Regardless of how fast the adoption of Virtual Reality happens, 2016 could be remembered as the ‘year of VR’, where a lot of companies will have to change their own design in order to create a VR experience. Adoption of VR requires significant changes to the product lineup, and the approaches could not be more different. Oculus Rift is based around stationary position, HTC Vive Pre bases itself around a living room experience (with unfortunate wires), Microsoft HoloLens concept has a whole on-your-head computer (but also requires a hook up to a very powerful multi-GPU server), etc.
Regardless of what you may think about VR, the fact is that this is the first ‘killer app’ which requires as fast graphics experience as possible, and that’s something CPUs will not be able to handle, unless 90% of the CPU die doesn’t end up being a GPU (AMD, Apple, Intel, NVIDIA, Samsung – all produce chips with more than 50% of die space being allocated to graphics).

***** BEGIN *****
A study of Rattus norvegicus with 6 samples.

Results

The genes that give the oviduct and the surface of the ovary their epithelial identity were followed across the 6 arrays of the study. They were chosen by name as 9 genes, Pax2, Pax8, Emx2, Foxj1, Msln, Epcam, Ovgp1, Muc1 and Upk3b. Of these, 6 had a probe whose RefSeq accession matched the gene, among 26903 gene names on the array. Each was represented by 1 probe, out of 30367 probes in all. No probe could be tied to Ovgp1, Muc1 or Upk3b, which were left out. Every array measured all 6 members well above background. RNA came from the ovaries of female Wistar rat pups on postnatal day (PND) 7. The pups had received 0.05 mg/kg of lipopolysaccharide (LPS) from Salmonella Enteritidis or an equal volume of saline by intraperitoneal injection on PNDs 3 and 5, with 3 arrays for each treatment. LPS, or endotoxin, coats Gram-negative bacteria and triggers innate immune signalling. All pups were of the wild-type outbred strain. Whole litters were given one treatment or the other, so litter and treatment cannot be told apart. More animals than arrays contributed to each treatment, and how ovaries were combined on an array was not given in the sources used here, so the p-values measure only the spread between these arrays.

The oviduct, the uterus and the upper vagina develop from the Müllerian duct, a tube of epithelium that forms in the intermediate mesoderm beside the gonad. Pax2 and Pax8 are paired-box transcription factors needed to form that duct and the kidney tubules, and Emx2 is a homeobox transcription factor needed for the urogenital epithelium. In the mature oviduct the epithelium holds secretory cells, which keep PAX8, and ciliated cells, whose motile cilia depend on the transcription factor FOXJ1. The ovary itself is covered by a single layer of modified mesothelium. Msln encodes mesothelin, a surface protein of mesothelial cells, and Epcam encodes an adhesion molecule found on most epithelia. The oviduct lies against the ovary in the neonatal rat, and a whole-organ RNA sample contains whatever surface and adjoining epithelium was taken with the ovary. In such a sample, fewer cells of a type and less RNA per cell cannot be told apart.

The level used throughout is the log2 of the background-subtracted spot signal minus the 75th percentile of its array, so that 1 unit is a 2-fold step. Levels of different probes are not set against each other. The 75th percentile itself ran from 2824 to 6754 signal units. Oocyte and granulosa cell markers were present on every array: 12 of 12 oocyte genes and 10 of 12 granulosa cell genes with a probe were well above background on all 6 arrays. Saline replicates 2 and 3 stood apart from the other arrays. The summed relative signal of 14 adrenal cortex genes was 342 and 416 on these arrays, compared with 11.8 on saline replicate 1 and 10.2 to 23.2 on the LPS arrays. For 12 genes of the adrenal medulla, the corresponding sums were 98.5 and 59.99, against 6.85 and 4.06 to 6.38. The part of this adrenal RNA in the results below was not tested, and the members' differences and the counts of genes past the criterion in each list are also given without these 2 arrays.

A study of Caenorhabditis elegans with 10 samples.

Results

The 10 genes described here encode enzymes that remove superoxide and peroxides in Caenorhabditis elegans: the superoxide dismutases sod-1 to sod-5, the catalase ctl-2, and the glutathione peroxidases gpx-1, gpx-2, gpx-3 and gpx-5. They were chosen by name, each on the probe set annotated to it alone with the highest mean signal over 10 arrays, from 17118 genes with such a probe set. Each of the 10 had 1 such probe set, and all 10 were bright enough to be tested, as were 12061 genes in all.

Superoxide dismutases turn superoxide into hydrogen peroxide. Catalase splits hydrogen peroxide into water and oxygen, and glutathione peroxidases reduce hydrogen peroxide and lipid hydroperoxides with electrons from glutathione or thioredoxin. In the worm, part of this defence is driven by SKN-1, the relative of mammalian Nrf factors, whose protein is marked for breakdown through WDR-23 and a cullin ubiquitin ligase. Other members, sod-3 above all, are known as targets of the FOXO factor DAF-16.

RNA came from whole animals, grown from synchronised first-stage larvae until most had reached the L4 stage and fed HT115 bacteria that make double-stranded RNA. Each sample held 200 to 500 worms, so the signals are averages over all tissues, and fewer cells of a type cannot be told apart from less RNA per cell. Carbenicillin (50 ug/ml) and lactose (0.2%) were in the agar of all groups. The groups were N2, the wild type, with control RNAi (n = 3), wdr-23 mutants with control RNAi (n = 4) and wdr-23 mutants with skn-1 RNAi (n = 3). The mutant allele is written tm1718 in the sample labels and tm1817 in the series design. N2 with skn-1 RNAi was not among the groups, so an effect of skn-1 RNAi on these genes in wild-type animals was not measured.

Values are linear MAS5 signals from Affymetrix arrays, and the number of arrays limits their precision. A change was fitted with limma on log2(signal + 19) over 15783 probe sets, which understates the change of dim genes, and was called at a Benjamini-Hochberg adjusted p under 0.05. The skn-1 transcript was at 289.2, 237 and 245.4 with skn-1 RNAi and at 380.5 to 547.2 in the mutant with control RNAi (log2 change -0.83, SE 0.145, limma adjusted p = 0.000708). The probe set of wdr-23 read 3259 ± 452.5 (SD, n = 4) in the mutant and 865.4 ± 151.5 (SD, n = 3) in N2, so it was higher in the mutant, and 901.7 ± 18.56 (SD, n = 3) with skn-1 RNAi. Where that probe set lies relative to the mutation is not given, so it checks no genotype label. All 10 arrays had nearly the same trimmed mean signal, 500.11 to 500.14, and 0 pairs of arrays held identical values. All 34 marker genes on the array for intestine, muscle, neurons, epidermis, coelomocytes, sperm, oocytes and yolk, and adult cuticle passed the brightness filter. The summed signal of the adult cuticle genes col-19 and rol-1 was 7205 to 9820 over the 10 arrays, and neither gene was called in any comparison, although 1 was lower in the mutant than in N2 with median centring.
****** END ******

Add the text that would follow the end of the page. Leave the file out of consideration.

Enter EVGA. This small company (when compared to big guns) often came to market with innovative products, solving issues larger players don’t even consider. Being a customer-driven company, EVGA engineers thought how to address the issue that VR headsets are mostly connected at the front, while traditionally, computers have all or almost all connectors at the back.
Their solution is simple, and does not add a lot of cost – front 3.5″/5.25″ panel with a single HDMI 2.0 and two USB 3.0 connectors. The GeForce 980 Ti VR Edition is almost the same as the rest of EVGA’s successful 980 Ti line-up, with the addition of an internal HDMI 2.0 connector (on the graphics card itself).
All in all, pretty cool take on the VR issues system builders and end consumers will face. After all, you will need a very powerful graphics card to drive the VR and AR devices. No word about the price – we suspect EVGA needs more time to iron supplier pricing out.